THE number of people making a full recovery from coronavirus in Portugal now outstrips the number of people who have lost their lives to Covid-19 by a wide margin.
The latest Health Directorate General figures show another 307 patients have fought off the virus in the last 24 hours, putting the recovery total at 917.
In the same period there were another 27 deaths related to Covid-19, putting fatalities at 762.
“For the first time, the number of recoveries is greater than the number of deceased”, stressed Secretary of State for Health Antonio Lacerda Sales at a press briefing on Tuesday.
The global mortality rate stands at 3.6 per cent, but for over-70s this rises to 12.7 per cent, Lacerda Sales explained.
He also highlighted the statistic for hospitalisations, which represents just 5.5 per cent of cases, while only 1.1 per cent are in intensive care.
Portugal’s new infections since Monday have increased by 516, or by 2.5 per cent, to 21,379.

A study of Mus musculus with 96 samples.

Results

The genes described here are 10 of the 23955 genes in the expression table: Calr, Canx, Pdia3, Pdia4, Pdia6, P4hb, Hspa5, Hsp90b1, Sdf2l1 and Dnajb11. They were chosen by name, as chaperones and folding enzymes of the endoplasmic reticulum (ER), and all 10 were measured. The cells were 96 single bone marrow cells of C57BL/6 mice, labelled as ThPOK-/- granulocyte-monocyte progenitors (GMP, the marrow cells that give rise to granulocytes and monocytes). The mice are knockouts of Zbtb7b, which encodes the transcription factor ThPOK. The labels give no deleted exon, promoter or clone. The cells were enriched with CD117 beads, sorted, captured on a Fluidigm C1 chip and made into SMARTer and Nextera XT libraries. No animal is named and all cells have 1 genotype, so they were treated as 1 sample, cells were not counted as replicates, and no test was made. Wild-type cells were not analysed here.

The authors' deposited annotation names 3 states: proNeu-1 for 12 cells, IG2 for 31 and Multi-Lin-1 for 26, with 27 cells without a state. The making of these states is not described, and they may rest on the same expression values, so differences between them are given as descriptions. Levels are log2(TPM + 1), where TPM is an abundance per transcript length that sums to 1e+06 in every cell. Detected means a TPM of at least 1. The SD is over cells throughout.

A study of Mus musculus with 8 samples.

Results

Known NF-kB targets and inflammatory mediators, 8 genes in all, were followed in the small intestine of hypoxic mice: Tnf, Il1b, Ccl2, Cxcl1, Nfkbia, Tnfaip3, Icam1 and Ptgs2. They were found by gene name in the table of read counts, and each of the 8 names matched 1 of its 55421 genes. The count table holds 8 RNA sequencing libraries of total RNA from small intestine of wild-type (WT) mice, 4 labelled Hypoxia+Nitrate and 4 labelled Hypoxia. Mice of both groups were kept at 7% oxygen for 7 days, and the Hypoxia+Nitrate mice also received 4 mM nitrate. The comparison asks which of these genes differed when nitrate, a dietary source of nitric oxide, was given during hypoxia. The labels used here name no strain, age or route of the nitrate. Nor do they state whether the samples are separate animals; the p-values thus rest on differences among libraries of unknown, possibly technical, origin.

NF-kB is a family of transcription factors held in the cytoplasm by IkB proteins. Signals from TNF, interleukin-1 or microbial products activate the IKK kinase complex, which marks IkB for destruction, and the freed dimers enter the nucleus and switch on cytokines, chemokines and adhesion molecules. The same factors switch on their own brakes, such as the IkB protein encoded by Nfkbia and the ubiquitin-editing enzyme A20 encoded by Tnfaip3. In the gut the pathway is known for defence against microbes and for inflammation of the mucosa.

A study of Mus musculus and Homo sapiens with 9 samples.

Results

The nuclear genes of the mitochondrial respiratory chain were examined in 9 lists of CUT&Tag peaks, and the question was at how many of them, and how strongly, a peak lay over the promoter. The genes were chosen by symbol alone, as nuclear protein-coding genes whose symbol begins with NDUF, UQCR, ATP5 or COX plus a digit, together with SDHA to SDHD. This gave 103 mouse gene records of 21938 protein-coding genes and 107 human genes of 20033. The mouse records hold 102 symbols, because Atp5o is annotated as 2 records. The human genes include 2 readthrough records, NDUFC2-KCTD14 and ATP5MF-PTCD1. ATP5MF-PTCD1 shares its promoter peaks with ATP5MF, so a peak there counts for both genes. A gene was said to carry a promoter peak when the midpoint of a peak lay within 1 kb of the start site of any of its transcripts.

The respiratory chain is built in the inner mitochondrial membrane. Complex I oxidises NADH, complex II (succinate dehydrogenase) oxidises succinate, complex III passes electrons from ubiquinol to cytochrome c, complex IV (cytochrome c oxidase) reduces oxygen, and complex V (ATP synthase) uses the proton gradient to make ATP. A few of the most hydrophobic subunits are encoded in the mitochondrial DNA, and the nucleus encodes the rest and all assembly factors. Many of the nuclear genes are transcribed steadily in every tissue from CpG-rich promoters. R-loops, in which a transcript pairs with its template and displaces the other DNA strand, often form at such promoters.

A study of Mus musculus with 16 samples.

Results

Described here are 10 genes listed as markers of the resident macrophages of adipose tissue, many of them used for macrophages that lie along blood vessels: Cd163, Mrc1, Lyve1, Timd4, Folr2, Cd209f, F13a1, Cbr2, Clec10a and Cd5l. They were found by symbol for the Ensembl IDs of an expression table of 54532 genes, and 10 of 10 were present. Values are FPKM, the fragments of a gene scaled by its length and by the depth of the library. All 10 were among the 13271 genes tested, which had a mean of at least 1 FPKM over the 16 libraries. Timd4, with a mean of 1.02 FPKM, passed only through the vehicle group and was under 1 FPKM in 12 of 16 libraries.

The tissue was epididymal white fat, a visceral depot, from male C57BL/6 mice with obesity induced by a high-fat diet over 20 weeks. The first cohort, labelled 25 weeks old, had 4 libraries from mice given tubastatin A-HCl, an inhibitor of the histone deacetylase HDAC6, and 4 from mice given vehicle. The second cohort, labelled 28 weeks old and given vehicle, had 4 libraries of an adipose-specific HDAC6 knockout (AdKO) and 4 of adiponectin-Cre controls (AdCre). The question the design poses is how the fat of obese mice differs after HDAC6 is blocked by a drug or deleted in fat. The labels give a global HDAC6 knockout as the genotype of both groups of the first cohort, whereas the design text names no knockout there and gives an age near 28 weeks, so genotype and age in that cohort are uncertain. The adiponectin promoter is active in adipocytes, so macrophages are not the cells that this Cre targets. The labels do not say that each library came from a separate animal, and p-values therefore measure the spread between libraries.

Portugal is continuing with a strategy of mass testing. Since March 1 more than 274,000 tests have been carried out across the country, half in public laboratories, 45 per cent in private labs and five per cent in labs linked to investigation, according to the Secretary of State.
Asked about the impact of the pandemic on care homes for the elderly, Lacerda Sales reported there were residents or staff has tested positive in 300, representing 12 per cent of the total.
Also taking part in the briefing was Health Directorate General Graça Freitas, who was questioned about the safety measures be putting in place so that Parliament can commemorate the April 25 anniversary of the Carnation Revolution which brought an end to Portugal’s dictatorship in 1974.
The issue of whether to mark the occasion or not has created a certain level of controversy in the country, with some questioning whether a gathering in the chamber should be allowed when the whole country is on lockdown.
“Parliament has taken all the necessary and sufficient measures to comply with the current rules”, she commented, with a limited number of people allowed in and establishing a minimum distance in the seating area.